Monday, November 25, 2013

Nuts! Or On What to Eat.

When  I saw the story about the new study on nuts I knew that the "miracle food" of 2013 had been found.  The miracle foods vary from soy, blueberries, cream-and-butter to the Mediterranean diet, the vegan diet etc.  Nothing wrong with the basic idea of trying to find which foods are good for us.  Plenty wrong with the idea that there is this one food which will work like a headache pill and take away all your health problems.

Have you heard about the Paleo Diet?  It's been around a while and based on the idea (familiar from evolutionary psychology) that our guts haven't evolved since some mythical age in prehistory and that we should only eat those things the prehistoric humans ate.  That the prehistoric humans ate all sorts foods, depending on where they happened to live, very much including grains, the evil in the Paleo Diet, is ignored in this theory.  Rather, the assumption is that only meat, fruit and vegetables are OK to eat.  Possibly bloody meat that you tear with your sharp prehistoric predator teeth?

That last sentence was a joke.  But the Paleo Diet, whether good or bad for someone today (and it could be good), cannot be justified by it being the paleolithic diet of all prehistoric humans.  And evolution didn't stop at some mythical point in the past.  For example, lactose tolerance after infancy, is a fairly recent introduction to some human populations.

I don't want to get into arguments about any one particular diet, however.  I want to write about nuts as the new miracle food.  The most recent study argues that those who eat more nuts on a daily or weekly basis live longer than those who do not.  And that is how the story is written up here:

People who regularly eat nuts appear to live longer, according to the largest study of its kind.
The findings, published in the New England Journal of Medicine, suggested the greatest benefit was in those munching on a daily portion.
The US team said nut eaters were likely to also have healthy lifestyles, but the nuts themselves were also contributing to their longer lifespan.
The British Heart Foundation said more research was needed to prove the link.

Why would the British Heart Foundation demand more research?  Because the study we are discussing here was observational.  It followed large groups of nurses and physicians for thirty years and then tried to correlate the death rates among the subjects with only their nut consumption.  Remember that the subjects were not watched under controlled lab circumstances for thirty years, they were not given exactly the same foods other than nuts, they were not given exactly the same amount of exercise, they were not given exactly the same living and working conditions.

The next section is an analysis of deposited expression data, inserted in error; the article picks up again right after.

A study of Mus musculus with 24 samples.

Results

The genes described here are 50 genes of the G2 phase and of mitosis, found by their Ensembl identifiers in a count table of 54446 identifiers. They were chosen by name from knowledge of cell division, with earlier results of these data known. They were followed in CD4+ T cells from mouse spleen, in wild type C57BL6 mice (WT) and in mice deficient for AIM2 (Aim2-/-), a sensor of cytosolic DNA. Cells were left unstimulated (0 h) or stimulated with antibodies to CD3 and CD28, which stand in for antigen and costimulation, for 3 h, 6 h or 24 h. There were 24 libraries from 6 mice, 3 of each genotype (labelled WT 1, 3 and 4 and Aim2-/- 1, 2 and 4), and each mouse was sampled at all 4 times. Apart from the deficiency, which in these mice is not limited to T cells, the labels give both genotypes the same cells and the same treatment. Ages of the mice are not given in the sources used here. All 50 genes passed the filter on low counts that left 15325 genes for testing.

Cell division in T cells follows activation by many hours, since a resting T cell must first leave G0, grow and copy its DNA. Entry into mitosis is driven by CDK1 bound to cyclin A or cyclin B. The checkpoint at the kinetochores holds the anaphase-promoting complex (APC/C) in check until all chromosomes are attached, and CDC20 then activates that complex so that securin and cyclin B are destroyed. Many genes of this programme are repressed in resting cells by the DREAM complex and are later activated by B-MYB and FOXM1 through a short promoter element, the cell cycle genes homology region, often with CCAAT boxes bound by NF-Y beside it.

This means that it is very difficult to make sure that  the found correlation between death rates and nut eating is actually a causal one from nuts to longer lives.   To give one pretty obvious example, vegetarians are likely to eat a lot more nuts than meat-eaters, on average, because the nuts are used as one substitute for meat in many vegetarian diets.

The study itself is careful about its findings and points out the problems in interpreting them.  But not all the popularizations are.  I came across a Finnish popularization (not on a rubbish website) which states (my translation):

Research:  Eat nuts so you become slim and live long

Later in the summary we learn:

The results also suggest that those who eat a lot of nuts are not fatter than anyone else.  Rather the reverse, the regular nut eaters are slimmer.

It is this that worries me:  The idea that someone not eating any nuts today should just add them to his or her daily diet and not expect a sizable weight gain but more slimness and a long life!  The summary fails to point out that those who eat nuts in the study also differed in other ways:

As compared with participants who consumed nuts less frequently, those who consumed nuts more frequently were leaner, less likely to smoke, more likely to exercise, and more likely to use multivitamin supplements; they also consumed more fruits and vegetables and drank more alcohol

If I had to make a wild guess about all that I might look into the question whether the nut-eaters were vegans or vegetarians or very health-conscious in general.  I couldn't find out if the study could control for any of that.  But note the general differences between the nut-eaters and the rest of the study subjects.  Those are many more than the consumption of nuts, and the leanness difference probably had more to do with the greater consumption of fruit and vegetables and the greater exercise levels than the fact that some munched more often on pecans and walnuts and almonds while others munched on bacon and hamburgers.

I'm not trying to disrespect nuts.  They are a great food (pesto!).  But they are high in calories and not something people should just add to their diets without dropping other food items also high in calories.  It might also be a good idea to eat more fruit and vegetables and to exercise more if you wish to live long lean and mean.